Two weeks ago reporters and fans joined Elon Musk and chief technical officer J.B. Straubel at the official opening of Tesla's Nevada Gigafactory, where, in addition to giving guests glimpses of the white-on-white cavernous space, the layout and the specialized robotic machines, they explained their plans to scale up battery production to meet increased demand.
Musk was following up on March's big Model 3 unveiling. After more than 370,000 buyers sent $1,000 deposits to reserve the mass market electric vehicle (EV), he decided to fast-track production by two years to 2018.
Moving production to the US
Many design decisions had been made long before the order surge thrust Tesla onto the fast track.
When the boutique company was still only delivering 50,000 high-end EVs a year, it could afford to import Panasonic batteries from Asia, but once Musk choose to ratchet up that number to 500,000, he knew that the batteries had to be made at the Nevada Gigafactory in the US, railroad-close to both lithium supplies and their final Bay Area factory destination, where the finished batteries would be loaded into new cars.
So even though Tesla and Panasonic had made enough productivity improvements since 2008 to cut costs in half and increase storage 60%, the Model 3 required even more radical changes to insure affordability.
In addition to moving the facility to the US, Musk decided during the factory's design phase to redesign the whole manufacturing process. He had his engineers draw a new factory from the ground up to maximize efficiency and lower battery costs. Within one giant facility, Musk could completely control all aspects of manufacturing: particularly variables like materials and labor.
“Over time, the majority of our engineering effort is going into engineering the factory as a product itself,” Musk had told reporters during a factory walk-through the week before.
“It’s the machine that builds the machine. If we take creative engineers and apply them to design the factory, they make five to ten times more headway than improving the product itself.”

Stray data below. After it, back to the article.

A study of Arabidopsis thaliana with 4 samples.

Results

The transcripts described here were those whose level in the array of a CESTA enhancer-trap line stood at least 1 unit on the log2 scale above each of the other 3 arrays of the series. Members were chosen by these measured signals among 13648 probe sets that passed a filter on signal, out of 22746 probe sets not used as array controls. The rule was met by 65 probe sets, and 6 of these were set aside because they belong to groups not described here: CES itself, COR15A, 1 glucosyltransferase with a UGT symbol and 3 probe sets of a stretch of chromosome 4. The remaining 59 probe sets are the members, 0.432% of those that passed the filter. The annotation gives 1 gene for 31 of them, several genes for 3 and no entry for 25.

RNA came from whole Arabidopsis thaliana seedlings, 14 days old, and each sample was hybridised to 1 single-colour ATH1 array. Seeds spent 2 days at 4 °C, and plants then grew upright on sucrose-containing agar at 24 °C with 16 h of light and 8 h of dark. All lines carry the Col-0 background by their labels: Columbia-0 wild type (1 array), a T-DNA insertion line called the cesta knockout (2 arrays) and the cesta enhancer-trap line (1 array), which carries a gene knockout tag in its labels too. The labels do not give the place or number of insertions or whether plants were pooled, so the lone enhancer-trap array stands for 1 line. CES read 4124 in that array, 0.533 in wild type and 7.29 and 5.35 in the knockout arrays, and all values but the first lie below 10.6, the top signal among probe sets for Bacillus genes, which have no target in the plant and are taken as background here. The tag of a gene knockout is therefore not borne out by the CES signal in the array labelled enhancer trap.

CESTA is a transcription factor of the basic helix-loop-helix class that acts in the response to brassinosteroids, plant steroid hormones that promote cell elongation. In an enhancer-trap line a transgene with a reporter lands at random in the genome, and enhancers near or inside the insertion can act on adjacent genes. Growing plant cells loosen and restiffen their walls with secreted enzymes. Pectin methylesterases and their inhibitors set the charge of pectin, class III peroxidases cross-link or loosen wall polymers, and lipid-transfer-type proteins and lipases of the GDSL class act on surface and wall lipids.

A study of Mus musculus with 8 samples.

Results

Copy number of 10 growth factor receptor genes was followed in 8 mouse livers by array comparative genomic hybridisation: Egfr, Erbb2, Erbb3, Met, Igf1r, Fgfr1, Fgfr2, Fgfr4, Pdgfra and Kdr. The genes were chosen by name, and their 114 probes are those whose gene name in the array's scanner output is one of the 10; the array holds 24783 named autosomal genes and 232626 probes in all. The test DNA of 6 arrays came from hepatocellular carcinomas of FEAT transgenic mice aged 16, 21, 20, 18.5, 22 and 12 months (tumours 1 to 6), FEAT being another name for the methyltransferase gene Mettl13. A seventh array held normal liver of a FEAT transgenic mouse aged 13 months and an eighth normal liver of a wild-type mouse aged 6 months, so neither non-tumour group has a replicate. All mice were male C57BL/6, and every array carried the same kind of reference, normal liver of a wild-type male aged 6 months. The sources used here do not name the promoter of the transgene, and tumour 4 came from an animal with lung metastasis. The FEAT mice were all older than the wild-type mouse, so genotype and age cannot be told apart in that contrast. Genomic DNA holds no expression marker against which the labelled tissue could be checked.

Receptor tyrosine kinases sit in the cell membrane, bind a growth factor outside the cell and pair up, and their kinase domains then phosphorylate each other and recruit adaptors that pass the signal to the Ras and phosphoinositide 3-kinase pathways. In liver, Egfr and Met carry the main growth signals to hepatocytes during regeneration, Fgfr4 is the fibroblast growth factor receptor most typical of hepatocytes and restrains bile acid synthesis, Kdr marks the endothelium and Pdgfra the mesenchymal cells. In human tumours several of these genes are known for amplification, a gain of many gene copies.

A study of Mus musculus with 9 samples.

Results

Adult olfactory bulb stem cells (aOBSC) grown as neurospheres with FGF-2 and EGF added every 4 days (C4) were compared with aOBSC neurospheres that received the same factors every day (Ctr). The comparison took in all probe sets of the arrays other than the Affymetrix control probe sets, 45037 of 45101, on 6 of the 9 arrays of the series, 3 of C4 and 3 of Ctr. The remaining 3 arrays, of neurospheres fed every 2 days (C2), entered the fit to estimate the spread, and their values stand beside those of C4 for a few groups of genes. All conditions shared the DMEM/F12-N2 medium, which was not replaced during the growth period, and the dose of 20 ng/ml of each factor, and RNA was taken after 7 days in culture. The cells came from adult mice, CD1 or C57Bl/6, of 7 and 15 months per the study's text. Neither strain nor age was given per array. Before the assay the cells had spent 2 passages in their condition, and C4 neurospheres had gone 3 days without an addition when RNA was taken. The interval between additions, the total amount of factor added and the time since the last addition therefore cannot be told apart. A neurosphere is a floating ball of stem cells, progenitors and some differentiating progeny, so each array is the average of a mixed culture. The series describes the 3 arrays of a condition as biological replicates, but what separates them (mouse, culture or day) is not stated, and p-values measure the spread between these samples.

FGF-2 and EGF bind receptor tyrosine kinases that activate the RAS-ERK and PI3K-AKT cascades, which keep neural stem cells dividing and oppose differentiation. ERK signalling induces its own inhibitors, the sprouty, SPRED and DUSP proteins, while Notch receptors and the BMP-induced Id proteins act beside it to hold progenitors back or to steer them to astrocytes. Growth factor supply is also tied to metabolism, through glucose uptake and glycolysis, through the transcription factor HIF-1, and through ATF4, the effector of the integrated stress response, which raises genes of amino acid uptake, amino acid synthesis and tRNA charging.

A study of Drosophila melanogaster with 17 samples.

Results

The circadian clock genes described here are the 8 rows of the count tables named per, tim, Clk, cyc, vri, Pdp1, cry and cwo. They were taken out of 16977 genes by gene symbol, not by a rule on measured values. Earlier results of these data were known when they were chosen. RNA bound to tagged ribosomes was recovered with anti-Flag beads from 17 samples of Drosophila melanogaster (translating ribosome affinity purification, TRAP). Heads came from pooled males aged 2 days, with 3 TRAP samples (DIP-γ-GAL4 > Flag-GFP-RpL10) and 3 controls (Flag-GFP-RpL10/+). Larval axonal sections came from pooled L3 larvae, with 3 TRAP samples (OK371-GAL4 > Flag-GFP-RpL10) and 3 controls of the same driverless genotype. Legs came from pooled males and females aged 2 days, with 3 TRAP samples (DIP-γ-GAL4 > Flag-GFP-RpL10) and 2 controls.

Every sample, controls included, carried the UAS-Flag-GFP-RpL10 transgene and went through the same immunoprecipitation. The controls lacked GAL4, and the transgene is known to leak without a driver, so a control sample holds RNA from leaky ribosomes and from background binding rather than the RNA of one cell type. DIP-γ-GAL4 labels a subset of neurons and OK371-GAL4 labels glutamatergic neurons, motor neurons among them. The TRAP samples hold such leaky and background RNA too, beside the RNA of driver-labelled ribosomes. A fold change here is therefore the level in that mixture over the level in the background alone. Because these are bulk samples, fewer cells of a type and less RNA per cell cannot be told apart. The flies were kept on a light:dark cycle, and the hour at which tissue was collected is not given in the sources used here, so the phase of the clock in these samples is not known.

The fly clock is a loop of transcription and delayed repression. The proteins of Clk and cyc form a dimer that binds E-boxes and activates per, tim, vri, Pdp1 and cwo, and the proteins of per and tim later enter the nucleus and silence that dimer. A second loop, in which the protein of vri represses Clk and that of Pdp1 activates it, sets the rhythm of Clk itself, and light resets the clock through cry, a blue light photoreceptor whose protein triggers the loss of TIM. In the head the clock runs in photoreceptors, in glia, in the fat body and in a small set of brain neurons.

Now finishing the factory is imperative.
Given that only 14% of the factory is done, to meet the looming, self-imposed deadline, 1,000 people are now working seven days a week in two shifts each day, and construction crews are building the huge factory as an series of smaller mini factories, where, ideally, manufacturing can start in each completed phase as crews move on to the next. At the same time, by building the same factory several times, each iteration improves on the last and squeezes out even more factory-floor productivity.
Today, occupying just 14% of the planned 6 million square feet, the Gigafactory's first phase is far from complete, but construction is already shaping the outer walls on the next phase. Nonetheless, this phase is already more than double the capacity of Panasonic's factory in Japan, Yoshihiko Yamada, EVP of Panasonic working with Tesla’s engineers, told Wired.
Bringing everything in-house
Musk has bet the ranch on vertical integration, reversing a half century of US manufacturing strategy, that, among other things, spent the last thirty years locating supply chains around the globe.
At the Gigafactory, rail lines will ferry ore from Nevada’s lithium mines to the factory; finished battery packs will ship to Tesla’s car facility in Fremont, California. Panasonic says it has never worked so closely with any supplier to rethink its manufacturing process. “The two teams came up with ideas together,” said Yamada. “This type of relationship is quite new in business. It’s not really a simple buyer and supplier relationship.”
To contain labor costs, assembly lines will do everything from make the individual cells to assembling the packs that power a Model S or store energy in someone’s garage. Tesla says doing it all in-house will drive down the cost of a battery by 30%.
The Gigafactory also comes with big risks. Batteries are taking big steps forward after decades of incremental progress. Tesla risks getting stuck in the wrong technology, and owning a very expensive old technology.
But for Musk, there are few options. In terms of vehicles, within two years he needs to output 50 gigawatt hours a year — more than the total global output in 2014 of only 30 gigawatt hours.
Developing ride-sharing services
A couple of years later, in 2020, when the factory's fully built, output should expand to 150 gigawatt hours and a million and a half cars.
Looking into the intermediate future, Musk will also fill out Tesla's vehicle lineup. It includes a crossover based on the Model 3 as well as a new kind of pickup truck. The crowd was taken by surprise when he also announced that the company is developing heavy-duty trucks and an electric bus, which could be unveiled as early as next year.
Looking farther into the future and leveraging Tesla's autonomous driving capability, Musk tossed out the possibility of a car-sharing and ride-hailing service, where owners could defray ownership costs by adding their Teslas to a fleet.
Has Musk bitten off more than he can chew?